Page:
Gov. Hogan revises septic system regulations
— Cecil County learned last week that the Maryland Department of the Environment (MDE) issued new regulations that impact septic systems outside of the critical area.
The Chesapeake Bay Critical Area is defined as all land within 1,000 feet of tidal waters, which seeks to protect lands that could impact the bay.
Property owners outside of the Chesapeake Bay Critical Areas will no longer have to install Best Available Technology (BAT) sewage systems when they build new construction, or are replacing an existing conventional septic system. The changes take effect Nov. 24.
“This is good news, particularly for properties unfairly penalized with the
excessive cost of a BAT system,” County Executive Tari Moore said Monday. “I’m not surprised about this news since Gov. Hogan promised to research this issue and make a decision.”
Hogan said in August during the Maryland Association of Counties summer convention that he intended to roll back the environmental regulations that were imposed during Gov. Martin O’Malley’s administration.
Cecil County Director of Environmental Health Fred von Staden was briefed on the changes in August, but didn’t expect them to be approved until closer to the end of the year.
The O’Malley regulations not only required projects within the 1,000 feet boundary to install the more expensive septic systems, but also all projects in any area without public sewers. It was all part of the effort to reduce the amount of nitrogen entering the Chesapeake Bay.
A variety of sources have estimated the average cost of a traditional septic system at about $4,000, while the newer BAT systems costs closer to $14,000 or more. However, money collected by the state over several years from the “flush tax” has created a funding mechanism for state grants to offset the cost of these BAT systems. Rules for application for these grants and details about what is covered are posted on the Cecil County Health Department’s website. “We have a total of $885,000 in Bay Restoration Program grant funds available through June 30, 2017,” von Staden said.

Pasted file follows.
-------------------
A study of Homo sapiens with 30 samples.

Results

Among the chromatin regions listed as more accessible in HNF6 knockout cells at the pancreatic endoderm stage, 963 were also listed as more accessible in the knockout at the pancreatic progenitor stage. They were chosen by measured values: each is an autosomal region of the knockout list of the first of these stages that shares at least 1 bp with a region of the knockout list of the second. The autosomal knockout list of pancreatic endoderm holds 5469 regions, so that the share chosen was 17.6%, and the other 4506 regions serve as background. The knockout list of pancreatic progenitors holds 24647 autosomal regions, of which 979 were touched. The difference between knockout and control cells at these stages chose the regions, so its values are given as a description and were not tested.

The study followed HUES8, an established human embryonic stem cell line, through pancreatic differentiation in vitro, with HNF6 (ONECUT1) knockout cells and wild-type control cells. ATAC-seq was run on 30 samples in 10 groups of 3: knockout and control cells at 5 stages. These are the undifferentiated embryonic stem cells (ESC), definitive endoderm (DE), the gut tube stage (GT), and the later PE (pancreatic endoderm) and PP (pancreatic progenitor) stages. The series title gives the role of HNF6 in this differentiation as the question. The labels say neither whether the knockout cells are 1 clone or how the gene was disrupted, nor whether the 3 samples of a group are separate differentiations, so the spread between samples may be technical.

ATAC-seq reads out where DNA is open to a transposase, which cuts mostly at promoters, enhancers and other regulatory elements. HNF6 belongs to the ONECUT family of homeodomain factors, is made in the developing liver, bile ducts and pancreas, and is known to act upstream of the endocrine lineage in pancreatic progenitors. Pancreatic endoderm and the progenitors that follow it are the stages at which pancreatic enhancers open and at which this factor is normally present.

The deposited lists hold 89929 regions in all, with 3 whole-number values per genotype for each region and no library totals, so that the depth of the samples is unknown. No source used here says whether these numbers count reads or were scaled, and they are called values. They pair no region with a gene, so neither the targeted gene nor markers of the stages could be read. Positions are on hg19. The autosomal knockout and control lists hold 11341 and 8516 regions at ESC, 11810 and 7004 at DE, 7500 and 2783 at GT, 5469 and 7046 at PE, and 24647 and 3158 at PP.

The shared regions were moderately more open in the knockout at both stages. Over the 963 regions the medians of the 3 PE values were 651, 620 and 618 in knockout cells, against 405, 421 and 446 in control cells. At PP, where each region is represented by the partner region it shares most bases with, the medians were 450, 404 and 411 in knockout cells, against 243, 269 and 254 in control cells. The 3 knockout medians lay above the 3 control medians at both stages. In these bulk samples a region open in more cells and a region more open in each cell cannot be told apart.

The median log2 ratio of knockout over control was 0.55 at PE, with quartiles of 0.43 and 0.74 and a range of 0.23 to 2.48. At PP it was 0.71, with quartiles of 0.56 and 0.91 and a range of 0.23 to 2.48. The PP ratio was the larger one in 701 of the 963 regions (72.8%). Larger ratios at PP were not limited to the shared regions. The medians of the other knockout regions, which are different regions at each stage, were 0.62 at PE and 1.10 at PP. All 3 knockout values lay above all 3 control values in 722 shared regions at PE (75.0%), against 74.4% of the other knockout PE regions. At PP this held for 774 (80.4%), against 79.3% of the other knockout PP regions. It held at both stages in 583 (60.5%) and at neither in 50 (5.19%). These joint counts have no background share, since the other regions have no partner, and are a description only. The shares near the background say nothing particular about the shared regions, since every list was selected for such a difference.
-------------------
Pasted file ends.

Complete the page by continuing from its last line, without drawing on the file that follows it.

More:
Much of Cecil County is not served by public sewer systems, requiring property owners to install septic or onsite disposal systems.
Officials at the Environmental Health Division of the Cecil County Health Department said Monday that anyone with an existing permit for a BAT system outside of the critical area, but hasn’t installed it yet, may contact the health department and request a change to a conventional tank.
A new application is not required, however, notification of a change must be given to the health department. For more information, call 410-996-5160.
The new regulation can be found in Maryland Code, under Title 26 Department of the Environment Subtitle 04.
Earlier this week, Gov. Hogan announced that county property owners outside of the Chesapeake Bay Critical Areas will no longer have to install Best Available Technology (BAT) sewage systems when they build new construction or replace an existing conventional septic system.